A Dim Sum Baby


Living in downtown Manhattan, and so close to Chinatown at that, it would be criminal to not do dim sum every once in a while.  Although hubs often gripes about the "zoological experience," I've never walked away from a dim sum experience that I didn't enjoy.

Dim sum, traditionally speaking, is a Cantonese culinary experience and generally done over breakfast (read: early).  It's since then been modernized to become the equivalent of a Chinese tapas meal, while the type of cuisine and overall ambience remains the same (why mess with a good thing?).

I've always liked the atmosphere of dim sum, just as much as the food -- since I'm a big proponent for family-style dining.  The entire dim sum affair generally takes place in a large space with a ton of commotion, so the bonus is that nobody will hear your baby if he/she decides to act out.

Food tips:

- My personal favorite is the har gao (aka shrimp dumplings, 虾饺).  I heard that it's the ultimate gauge for how good a dim sum venue is. The juicier the har gao, the better!

- It ain't dim sum if you don't order a heap of steamed goods (I.e., steamed buns, dumplings, etc etc).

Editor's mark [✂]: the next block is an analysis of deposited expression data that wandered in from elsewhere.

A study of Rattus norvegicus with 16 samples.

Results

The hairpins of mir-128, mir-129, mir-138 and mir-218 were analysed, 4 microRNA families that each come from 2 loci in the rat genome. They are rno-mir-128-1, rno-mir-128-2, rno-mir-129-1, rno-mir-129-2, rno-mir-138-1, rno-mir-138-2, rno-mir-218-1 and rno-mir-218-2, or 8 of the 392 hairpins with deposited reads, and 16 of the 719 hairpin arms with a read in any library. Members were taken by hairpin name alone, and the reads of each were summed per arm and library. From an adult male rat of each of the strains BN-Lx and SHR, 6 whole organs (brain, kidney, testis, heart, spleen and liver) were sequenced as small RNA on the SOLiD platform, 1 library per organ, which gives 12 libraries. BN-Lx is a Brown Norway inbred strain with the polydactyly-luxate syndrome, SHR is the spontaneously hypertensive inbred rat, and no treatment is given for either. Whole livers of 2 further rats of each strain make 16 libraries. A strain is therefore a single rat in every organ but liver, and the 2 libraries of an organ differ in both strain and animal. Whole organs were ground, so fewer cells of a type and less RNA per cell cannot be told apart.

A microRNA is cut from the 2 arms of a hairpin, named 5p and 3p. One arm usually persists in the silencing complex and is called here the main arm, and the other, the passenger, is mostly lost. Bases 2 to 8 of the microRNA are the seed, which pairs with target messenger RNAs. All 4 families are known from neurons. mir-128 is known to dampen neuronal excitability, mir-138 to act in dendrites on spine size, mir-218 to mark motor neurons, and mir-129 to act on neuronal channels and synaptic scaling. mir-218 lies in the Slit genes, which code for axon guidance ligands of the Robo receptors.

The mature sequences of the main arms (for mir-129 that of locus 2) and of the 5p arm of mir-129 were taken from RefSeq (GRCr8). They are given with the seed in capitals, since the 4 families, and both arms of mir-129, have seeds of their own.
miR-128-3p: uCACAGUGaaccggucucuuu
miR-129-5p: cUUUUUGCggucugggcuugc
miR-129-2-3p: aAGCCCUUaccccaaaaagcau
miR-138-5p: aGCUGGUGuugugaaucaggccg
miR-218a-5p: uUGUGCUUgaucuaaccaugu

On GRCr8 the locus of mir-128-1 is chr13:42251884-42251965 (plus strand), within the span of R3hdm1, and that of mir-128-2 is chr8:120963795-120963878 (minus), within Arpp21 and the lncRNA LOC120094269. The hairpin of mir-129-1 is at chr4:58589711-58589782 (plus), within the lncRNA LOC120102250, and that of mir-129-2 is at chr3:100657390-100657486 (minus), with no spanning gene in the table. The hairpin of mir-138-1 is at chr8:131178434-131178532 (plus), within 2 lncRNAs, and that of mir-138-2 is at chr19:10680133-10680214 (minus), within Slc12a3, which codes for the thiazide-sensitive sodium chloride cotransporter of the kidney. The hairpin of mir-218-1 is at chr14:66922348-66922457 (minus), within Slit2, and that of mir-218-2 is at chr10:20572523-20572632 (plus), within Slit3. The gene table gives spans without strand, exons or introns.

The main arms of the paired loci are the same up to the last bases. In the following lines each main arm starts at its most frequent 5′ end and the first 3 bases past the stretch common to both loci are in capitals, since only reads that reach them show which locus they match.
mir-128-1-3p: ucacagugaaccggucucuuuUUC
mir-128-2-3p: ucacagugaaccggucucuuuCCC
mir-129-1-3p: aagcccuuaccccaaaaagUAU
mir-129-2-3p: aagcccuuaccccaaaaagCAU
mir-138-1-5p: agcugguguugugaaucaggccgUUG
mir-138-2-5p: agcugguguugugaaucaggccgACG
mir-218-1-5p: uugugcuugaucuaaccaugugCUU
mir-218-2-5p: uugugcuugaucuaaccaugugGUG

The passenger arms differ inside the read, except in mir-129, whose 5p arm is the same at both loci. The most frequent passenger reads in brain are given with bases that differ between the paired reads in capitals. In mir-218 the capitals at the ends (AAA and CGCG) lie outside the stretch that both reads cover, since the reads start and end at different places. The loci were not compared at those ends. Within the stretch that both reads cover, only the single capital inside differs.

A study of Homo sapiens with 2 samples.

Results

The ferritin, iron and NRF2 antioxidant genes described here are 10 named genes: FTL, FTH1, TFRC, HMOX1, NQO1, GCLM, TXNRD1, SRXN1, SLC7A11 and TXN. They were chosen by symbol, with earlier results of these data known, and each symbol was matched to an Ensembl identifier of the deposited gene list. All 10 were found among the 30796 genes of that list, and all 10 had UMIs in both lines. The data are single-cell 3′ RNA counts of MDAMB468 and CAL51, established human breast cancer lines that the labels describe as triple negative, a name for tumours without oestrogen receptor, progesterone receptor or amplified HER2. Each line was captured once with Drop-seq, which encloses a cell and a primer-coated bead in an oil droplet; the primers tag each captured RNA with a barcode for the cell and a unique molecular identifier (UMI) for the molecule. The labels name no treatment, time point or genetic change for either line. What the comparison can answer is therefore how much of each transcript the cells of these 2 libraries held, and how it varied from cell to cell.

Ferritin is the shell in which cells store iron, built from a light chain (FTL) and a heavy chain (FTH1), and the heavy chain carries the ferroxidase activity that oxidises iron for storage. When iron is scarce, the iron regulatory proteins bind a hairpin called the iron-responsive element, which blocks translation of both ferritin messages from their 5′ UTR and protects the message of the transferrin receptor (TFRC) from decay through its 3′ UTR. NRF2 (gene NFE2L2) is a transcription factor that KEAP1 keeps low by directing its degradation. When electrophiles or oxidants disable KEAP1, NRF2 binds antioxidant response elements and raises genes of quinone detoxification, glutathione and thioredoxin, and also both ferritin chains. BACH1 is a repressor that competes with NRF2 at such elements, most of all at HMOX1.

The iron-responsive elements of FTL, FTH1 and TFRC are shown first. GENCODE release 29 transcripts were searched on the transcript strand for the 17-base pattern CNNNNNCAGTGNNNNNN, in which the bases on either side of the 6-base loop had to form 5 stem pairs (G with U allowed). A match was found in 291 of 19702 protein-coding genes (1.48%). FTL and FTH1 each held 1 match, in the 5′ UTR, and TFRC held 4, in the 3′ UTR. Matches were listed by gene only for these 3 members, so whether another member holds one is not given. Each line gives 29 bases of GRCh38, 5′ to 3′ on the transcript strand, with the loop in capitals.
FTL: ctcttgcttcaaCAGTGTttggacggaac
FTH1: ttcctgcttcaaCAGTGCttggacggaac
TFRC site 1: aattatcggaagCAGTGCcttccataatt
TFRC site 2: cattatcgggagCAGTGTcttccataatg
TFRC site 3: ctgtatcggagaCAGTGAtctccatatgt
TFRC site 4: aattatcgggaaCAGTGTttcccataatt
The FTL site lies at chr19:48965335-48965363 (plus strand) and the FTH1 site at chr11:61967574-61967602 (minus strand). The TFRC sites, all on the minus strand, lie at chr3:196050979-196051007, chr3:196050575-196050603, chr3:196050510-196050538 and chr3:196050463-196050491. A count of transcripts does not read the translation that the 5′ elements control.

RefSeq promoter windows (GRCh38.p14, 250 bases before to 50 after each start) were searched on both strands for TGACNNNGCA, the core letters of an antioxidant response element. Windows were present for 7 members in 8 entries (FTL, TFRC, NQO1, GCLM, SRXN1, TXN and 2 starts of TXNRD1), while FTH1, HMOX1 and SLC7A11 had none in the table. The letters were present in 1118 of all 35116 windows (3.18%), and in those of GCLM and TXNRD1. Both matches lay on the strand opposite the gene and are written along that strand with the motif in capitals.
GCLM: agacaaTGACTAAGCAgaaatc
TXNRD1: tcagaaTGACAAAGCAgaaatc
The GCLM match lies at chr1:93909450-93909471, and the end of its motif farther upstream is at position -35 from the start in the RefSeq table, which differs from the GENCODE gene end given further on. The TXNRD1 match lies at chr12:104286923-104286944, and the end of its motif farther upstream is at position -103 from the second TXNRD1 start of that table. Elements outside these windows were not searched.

- Always go for the turnip cakes, some are pure vegetarian sorts, some have pieces of bacon baker inside.  All are equally delicious.

- If you're feeling truly fancy, you can opt for some seafood (clams are a favorite), or some green veggies dim sum dish.

- Believe it or not, the sweets at dim sum are pretty darn good.  I love the little egg tarts that they pass around, and if you're feeling truly adventurous, go for some durian puff pastries!

Baby tips

- Generally, dim sum is a kid-friendly activity (it *does* gets frenetic however, irrespective of whether there's young kiddos around or not, so just be forewarned).

- I've only ever been to the ladies' room, but for the most part, changing rooms can be chaotic, though not unmanageable.  I've done it multiple times and it's fine.

- Some places, like Jing Fong, do have high chairs (though I must admit they've seen better days).  I highly recommend bringing your own wriggler wrapper.

- General rule of thumb is to arrive before noon -- the closer to 11am, the better (which won't be hard to do with a little one). 

- Above all, just relax and enjoy the experience!   Remember, dim sum is not for the uptight!! 

City Baby’s recommended dim sum spots:

- When it comes to dim sum with the little guy, we would recommend something spacious, such as Jing Fong  (20 Elizabeth Street) or the Golden Unicorn (18 East Broadway).  Places like Nom Wah (13 Doyers Street), as highly regarded as they are, tend to be on the smaller side. 

- Another place that we’ve been going to recently is called Hop Shing (9 Chatham Square), which is also quite good and very, very authentic (i.e., just be prepared to be looked at funny if you are a “laowai” 老外 aka not Chinese). 

- Lastly, always have Chatham Square restaurant (6 Chatham Square) as your background plan, since many other dim sum spots will have a long wait if you turn up after 12 or 12:30pm.  Let’s just say, we’ve had to do that a few times, and the food there is good too!